Sherman sat on the terrace, looking down on the city’s streets.

The city’s main hall had the old world-style architecture adopted by so many North American cities. The steps were broad but shallow, the columns large and of questionable integrity. The overall design was neo-classical in description, and grand in appearance.

Sherman sat in front of this display feeling entirely defeated. He had fought, hard, for a change in traffic laws to allow the people in his small city at least a fighting chance to walk or bicycle. The city was too car-heavy, he argued, with drivers congesting the streets at all hours, and rush hour making a five-minute drive last an hour.

“But if people wanted to, they could walk. They don’t want to,” the city councilors replied.

“That’s because you’ve made it dangerous to do so,” Sherman said. “Pedestrians have no right of way. If they enter a crosswalk, a car can just run them down, squish them between two bumpers, anything. Our city has the highest rate of low-speed vehicle-pedestrian accidents in the country. It’s absurd.”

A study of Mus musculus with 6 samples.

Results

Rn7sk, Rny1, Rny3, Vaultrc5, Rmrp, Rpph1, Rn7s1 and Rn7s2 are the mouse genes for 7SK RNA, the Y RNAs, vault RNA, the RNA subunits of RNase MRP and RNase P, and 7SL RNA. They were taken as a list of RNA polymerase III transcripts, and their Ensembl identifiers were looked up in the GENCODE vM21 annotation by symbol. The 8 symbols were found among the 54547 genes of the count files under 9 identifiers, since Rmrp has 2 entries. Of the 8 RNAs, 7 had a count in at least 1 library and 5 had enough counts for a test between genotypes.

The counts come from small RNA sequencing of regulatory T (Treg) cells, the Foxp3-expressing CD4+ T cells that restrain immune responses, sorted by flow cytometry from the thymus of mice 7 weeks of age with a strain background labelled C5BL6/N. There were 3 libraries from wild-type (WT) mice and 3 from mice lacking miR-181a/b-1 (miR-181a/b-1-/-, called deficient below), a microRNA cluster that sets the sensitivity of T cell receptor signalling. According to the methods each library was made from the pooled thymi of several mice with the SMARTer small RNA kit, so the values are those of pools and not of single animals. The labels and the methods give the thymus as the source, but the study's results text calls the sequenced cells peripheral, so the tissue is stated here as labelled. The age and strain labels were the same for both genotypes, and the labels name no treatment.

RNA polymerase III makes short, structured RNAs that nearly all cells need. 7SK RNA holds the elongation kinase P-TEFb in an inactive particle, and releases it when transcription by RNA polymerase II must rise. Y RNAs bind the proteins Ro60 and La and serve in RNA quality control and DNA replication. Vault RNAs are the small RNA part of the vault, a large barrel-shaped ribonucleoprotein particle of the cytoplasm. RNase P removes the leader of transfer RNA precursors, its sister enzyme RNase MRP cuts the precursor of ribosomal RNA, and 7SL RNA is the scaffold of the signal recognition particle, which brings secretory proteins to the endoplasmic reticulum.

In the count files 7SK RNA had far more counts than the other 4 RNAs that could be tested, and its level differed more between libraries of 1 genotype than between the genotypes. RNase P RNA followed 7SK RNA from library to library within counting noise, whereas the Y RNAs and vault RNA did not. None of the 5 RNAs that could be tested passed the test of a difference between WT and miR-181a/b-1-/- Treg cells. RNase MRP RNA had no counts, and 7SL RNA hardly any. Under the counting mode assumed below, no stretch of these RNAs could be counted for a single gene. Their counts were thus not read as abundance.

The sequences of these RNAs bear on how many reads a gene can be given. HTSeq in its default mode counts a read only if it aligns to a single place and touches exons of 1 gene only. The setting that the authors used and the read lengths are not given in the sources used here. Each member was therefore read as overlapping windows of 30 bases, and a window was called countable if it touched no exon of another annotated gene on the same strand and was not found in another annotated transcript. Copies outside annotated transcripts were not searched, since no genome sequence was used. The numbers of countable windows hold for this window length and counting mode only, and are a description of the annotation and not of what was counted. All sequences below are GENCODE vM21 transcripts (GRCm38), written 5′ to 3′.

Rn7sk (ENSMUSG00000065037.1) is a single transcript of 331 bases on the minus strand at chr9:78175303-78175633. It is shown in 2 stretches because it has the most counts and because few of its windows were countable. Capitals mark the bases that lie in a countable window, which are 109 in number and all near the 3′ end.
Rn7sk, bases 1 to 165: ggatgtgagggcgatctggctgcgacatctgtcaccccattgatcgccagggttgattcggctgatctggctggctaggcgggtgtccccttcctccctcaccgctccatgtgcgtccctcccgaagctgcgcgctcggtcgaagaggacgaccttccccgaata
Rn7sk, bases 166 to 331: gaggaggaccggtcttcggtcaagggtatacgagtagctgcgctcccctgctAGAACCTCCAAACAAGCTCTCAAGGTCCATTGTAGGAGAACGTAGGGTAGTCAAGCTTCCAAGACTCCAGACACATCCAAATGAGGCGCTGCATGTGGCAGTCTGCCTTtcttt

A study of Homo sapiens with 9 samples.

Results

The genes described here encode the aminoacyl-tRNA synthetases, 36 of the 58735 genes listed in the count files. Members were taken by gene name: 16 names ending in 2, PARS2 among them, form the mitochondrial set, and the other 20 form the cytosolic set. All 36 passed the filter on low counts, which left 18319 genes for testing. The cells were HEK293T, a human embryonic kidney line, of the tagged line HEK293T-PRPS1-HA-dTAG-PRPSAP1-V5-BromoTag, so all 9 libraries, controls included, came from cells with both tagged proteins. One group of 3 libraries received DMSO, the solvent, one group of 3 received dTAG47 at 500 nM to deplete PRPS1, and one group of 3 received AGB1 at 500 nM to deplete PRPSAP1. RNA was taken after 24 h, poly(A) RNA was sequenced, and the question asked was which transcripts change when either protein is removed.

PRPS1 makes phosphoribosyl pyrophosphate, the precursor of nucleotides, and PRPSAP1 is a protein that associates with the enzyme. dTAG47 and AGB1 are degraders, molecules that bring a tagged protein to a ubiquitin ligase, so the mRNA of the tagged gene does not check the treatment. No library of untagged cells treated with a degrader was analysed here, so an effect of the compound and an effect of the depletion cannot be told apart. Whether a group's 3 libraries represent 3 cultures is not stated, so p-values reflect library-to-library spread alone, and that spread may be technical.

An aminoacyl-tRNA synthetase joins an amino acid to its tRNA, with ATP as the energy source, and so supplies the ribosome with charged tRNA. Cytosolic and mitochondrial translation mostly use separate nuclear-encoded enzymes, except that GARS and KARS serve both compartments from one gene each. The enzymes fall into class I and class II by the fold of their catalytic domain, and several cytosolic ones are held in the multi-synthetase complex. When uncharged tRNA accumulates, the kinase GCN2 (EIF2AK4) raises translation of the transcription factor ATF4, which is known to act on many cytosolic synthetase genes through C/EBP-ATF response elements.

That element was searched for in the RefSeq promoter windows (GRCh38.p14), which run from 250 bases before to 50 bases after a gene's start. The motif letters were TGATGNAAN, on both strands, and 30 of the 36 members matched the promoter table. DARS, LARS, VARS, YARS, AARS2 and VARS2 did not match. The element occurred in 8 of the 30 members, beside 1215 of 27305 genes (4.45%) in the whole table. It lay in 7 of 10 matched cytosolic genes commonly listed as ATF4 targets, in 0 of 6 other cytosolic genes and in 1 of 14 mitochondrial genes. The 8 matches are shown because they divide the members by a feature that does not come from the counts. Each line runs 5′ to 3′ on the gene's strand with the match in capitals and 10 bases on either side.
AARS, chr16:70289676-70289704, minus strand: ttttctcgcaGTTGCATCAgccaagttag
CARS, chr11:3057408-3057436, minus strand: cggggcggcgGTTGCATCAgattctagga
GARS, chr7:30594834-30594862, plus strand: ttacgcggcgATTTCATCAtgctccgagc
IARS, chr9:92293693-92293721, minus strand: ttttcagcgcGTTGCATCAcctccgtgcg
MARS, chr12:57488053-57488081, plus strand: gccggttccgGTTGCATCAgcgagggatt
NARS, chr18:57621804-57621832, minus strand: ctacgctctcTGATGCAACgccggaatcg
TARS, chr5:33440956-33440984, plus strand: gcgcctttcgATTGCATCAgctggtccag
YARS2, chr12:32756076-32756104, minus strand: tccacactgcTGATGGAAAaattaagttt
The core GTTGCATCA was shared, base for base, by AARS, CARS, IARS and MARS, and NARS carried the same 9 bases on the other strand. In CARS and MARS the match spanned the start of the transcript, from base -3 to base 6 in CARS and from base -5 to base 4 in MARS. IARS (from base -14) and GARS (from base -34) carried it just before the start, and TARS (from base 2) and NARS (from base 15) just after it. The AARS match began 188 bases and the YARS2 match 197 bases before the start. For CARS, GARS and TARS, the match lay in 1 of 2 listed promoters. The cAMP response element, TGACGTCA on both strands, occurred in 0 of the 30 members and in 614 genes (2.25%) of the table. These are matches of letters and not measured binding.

“Ladies and gentlemen,” the mayor had said, then standing. “I think we all know what this is really about, and in this city, we will no longer suffer fools and their damned war on the car. If people wanted to walk, they would, and they would make it known that they want safer walkways. But people want to drive, and they should have the freedom to do so. They’ve made this clear to us, so I vote we dismiss this ludicrous notion outright. All in favour?” A round of “Ayes” responded. “All opposed?”

Sherman said, “Me!” But lacking any support, the motion was dismissed, and Sherman left, finally sitting on the steps of the city hall to wonder what next. He could see about transferring to the next city over, but it had a similar problem. He could see about one of the international offices, but this was his home. For now. Maybe not, he thought. Maybe not any longer, at least.

Sherman sighed, stood, and started walking toward his home. He reached the first intersection, and waited for a clear moment to cross.


4 thoughts on “Driving

  1. Maybe you could end with ‘and waited for a clear moment to cross. And waited. And waited.’
    It might give the idea how hard it was to get across the congested roads and bring home Sherman’s point.
    I enjoyed this, you got across a lot in few words.